Suffolk: Monitoring Carmans River
Nearly 200 local teens spent a day recently at a unique classroom: the Carmans River.
Environmentally minded students from four Suffolk County high schools -- Bellport, Patchogue-Medford, Longwood in Middle Island and William Floyd in Mastic Beach -- joined forces last month for "A Day in the Life of the Carmans River," an inaugural day of simultaneous study. The river, about 10 miles long, courses through each of the four participating school districts.
The students collected water samples to measure nitrates, salinity and oxygen levels, among other things. The baseline data will be used in the future to see how much, or how little, water quality has changed.
"In this day and age, students are not as connected as we'd like them to be to nature," said Ivan Suarez, Longwood High School's Advanced Placement environmental science teacher. "These students are now stewards of the environment, looking after the Carmans River and learning about natural history. This is a guided nature experience by kids and for kids."
In all, 13 river locations were tested. Longwood pupils focused on the river's northern section, which runs through their district, and students from the other schools focused on the river's southern sections.
Teams also collected fish and insects, cataloged birds and reptiles, and kept journals on their experiences.
Findings indicated the water is in healthy condition and cited the presence of insects with "low tolerance for pollution," Suarez said.
The data will be entered into the records of the state's Department of Environmental Conservation and a Web page managed by Brookhaven National Laboratory.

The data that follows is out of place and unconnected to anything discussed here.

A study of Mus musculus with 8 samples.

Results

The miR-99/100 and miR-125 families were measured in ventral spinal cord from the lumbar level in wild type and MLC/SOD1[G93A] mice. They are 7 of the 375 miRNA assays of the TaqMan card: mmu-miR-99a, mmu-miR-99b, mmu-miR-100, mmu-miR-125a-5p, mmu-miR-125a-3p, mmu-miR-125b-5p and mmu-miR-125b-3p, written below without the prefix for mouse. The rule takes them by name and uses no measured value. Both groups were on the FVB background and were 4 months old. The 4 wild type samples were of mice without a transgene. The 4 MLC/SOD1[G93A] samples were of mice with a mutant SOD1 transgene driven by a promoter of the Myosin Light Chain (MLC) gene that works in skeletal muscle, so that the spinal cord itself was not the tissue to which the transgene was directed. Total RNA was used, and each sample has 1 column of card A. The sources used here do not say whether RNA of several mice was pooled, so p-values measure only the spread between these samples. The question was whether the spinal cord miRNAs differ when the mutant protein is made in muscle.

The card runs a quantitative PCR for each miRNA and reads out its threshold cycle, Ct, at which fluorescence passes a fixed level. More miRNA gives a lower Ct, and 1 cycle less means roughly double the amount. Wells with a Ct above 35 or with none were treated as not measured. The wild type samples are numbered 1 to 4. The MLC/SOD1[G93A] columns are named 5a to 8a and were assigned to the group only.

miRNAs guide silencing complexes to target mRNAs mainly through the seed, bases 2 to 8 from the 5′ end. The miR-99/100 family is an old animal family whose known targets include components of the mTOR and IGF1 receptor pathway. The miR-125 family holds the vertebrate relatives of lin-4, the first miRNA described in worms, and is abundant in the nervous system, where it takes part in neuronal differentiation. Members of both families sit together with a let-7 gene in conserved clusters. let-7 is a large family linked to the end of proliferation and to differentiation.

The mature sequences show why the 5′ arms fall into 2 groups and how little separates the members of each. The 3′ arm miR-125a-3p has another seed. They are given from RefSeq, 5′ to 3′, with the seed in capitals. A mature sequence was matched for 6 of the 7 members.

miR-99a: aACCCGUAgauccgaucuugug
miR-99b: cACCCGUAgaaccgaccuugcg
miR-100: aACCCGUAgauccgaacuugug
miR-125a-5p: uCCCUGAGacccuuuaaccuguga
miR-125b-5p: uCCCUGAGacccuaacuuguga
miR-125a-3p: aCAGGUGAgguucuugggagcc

Longwood students also will participate in a video conference in the spring with students in Pisa, Italy, who conducted a similar project, to compare the differences in water quality between the two locations.
The Central Islip Union Free School District has appointed several new school principals.
Tracy Hudson is principal at Charles A. Mulligan Intermediate School. She previously was assistant principal at Bellport Middle School and replaced Brenda Jackson, who now is principal of Cordello Elementary School. Jackson replaced Sharon Dungee, who now is assistant superintendent for education and administration.
Jessica Iafrate is the principal of Marguerite Mulvey Elementary School. She previously was principal of the district's early childhood center and replaced Catherine Vereline, who now is principal of A.T. Morrow Elementary School. Morrow's previous principal, Betty Ceccarini, is principal of the early childhood center.
Brett MacMonigle is the principal at Ralph G. Reed Middle School. He previously was assistant principal of Newfield High School in Selden and replaced Chris Brown, who now is the district's administrator for testing and assessment.
Patricia Essenfeld is the new principal of Dickinson Avenue Elementary School, and Pat DeStefano is the interim principal of East Northport Middle School. Essenfeld and DeStefano replaced Anne Whooley and Joanne Kroon, respectively, who retired.
Essenfeld previously was assistant principal of Minnesauke Elementary School in East Setauket. DeStefano was his school's assistant principal.
Louis Antonetti and James Horan are principals of Sachem High School East and Samoset Middle School, respectively, both in the Sachem school district. Antonetti replaced Rory Manning, who now is principal of Harborfields High School in Greenlawn. Horan replaced Mary Cavanaugh, who retired. Each man previously served as his school's assistant principal.
Eight Long Island schools received "Heroglobin" Awards from the New York Blood Center for collecting some of the highest number of blood donations among local schools during the 2011-12 academic year.
Winners were Chaminade High School, Mineola; East Rockaway High School; Holy Trinity High School, Hicksville; Sachem High School East, Farmingville; Sachem High School North, Lake Ronkonkoma; Seaford High School; Nassau BOCES' Joseph M. Barry Career and Technical Education Center, Westbury; and Western Suffolk BOCES, based in Dix Hills.
"The kids are enthusiastic about it, and that spirit is inspiring," said Tania Cintorino, co-adviser of Seaford's Student Council, which helped collect 20,000 donations last year. "They talk it up with friends and family and post facts around school to raise awareness of the need for donors. We also advertise at sporting events and in the community."